Sintra

On our final day in Lisbon we caught the train from to Sintra. The train took about 50 minutes and when we arrived we were sort of lost, expecting a tourist office near the station. There were heaps of tour companies offering buses, smart cars and all sorts of tours but we headed for the nearest cafe for a drink and a think.

It was a beautiful little cafe where we met two Aussies from Canberra. Why go to the tourist information when you’ve got Aussies and pretty soon we were told about the hop on hop off bus and the best places to go.


Noble families bought up land and built something to reflect their wealth not far from the kings and queens. Many of which are on the tourist circuit. I had in my head the place I wanted to visit, unfortunately it should’ve been in my phone because we caught the bus which wound all the way to the top of the hills along narrow windy streets before arriving at Pena Palace.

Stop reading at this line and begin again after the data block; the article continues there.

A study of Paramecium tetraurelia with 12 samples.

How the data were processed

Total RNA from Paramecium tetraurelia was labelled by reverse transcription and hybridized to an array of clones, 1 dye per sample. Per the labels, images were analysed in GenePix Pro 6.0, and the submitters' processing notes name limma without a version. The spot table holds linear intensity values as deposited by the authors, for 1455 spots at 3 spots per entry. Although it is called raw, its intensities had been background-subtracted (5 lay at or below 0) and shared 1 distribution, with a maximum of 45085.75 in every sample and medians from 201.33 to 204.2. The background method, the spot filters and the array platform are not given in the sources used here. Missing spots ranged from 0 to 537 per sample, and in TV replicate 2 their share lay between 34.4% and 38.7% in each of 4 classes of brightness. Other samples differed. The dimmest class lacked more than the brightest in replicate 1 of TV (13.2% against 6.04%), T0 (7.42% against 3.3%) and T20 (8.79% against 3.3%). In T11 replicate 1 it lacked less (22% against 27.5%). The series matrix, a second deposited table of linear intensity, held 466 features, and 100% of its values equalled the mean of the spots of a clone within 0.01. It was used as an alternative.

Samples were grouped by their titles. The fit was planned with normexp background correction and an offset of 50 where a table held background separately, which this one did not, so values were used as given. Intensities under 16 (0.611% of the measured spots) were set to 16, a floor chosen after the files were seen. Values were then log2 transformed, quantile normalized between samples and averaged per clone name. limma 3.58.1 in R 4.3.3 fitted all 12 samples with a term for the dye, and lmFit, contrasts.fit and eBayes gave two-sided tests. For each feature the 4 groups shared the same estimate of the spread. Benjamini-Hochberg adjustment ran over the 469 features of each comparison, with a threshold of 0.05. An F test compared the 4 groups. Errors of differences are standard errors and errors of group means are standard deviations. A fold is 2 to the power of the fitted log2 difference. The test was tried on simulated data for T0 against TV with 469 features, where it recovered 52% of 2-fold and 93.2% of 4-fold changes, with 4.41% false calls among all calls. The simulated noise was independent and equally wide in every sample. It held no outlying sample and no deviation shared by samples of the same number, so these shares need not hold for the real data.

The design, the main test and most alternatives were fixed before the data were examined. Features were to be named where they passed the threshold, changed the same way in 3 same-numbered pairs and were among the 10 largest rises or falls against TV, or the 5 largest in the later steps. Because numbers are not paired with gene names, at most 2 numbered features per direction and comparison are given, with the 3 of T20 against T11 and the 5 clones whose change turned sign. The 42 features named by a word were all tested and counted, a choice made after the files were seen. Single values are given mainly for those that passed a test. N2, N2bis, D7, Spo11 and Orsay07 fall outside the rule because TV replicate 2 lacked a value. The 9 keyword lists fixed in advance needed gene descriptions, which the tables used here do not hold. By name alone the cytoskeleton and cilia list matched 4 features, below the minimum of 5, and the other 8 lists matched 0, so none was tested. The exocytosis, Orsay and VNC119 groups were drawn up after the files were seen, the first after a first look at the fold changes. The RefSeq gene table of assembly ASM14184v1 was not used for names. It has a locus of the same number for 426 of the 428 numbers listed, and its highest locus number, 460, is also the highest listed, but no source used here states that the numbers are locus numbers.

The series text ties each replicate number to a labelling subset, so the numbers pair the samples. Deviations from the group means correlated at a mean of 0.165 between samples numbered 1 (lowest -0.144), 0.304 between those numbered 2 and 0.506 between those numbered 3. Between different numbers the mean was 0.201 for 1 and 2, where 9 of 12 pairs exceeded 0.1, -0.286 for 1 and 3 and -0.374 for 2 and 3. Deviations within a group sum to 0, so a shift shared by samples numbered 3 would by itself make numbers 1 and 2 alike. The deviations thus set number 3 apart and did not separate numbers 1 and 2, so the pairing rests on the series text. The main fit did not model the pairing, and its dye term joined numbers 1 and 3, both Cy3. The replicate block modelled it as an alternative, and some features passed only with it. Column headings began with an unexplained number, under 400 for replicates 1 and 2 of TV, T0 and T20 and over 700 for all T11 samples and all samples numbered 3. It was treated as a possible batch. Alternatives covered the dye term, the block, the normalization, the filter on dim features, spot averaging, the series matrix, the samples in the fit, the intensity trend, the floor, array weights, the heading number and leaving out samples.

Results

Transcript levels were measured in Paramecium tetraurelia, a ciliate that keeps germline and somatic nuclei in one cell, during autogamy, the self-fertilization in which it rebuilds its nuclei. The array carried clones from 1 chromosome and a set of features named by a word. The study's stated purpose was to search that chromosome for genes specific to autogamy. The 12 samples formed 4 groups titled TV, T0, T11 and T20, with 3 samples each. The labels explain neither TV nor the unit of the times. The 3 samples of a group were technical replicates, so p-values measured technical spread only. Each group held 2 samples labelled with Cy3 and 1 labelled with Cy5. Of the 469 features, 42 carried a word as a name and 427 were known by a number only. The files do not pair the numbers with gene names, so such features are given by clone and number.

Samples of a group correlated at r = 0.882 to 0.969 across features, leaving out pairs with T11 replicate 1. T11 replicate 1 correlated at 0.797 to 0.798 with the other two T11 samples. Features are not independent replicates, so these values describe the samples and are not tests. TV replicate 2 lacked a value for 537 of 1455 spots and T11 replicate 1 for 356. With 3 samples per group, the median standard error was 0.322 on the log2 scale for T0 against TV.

The entry fee was €14 which had me thinking “this doesn’t sound right, why don’t places u[date their websites as I had read is was 6′ but we paid. Then there was an additional charge for transport up the hill, which we declined. Pena Palace wasn’t the place I wanted to visit and I realised after we walked 1 km up a steep hill to be confronted with a gaudy Disneyesque monstrosity overrun by people. The old adage “Money doesn’t buy good taste” surely rang true here.



After an overpriced Bifana and coffee at the cafe we caught the bus back to the train where I suddenly remembered the name of the places wanted to visit….too late grr will have to wait till next time.

Dejected we caught the train back to Lisbon and walked back to the accommodation where we met a lovely Canadian family and a French couple. They were a great bunch of people and we found out a little about their lives and their travels.

As it was getting late we said our goodnights. Tomorrow we head north to Porto.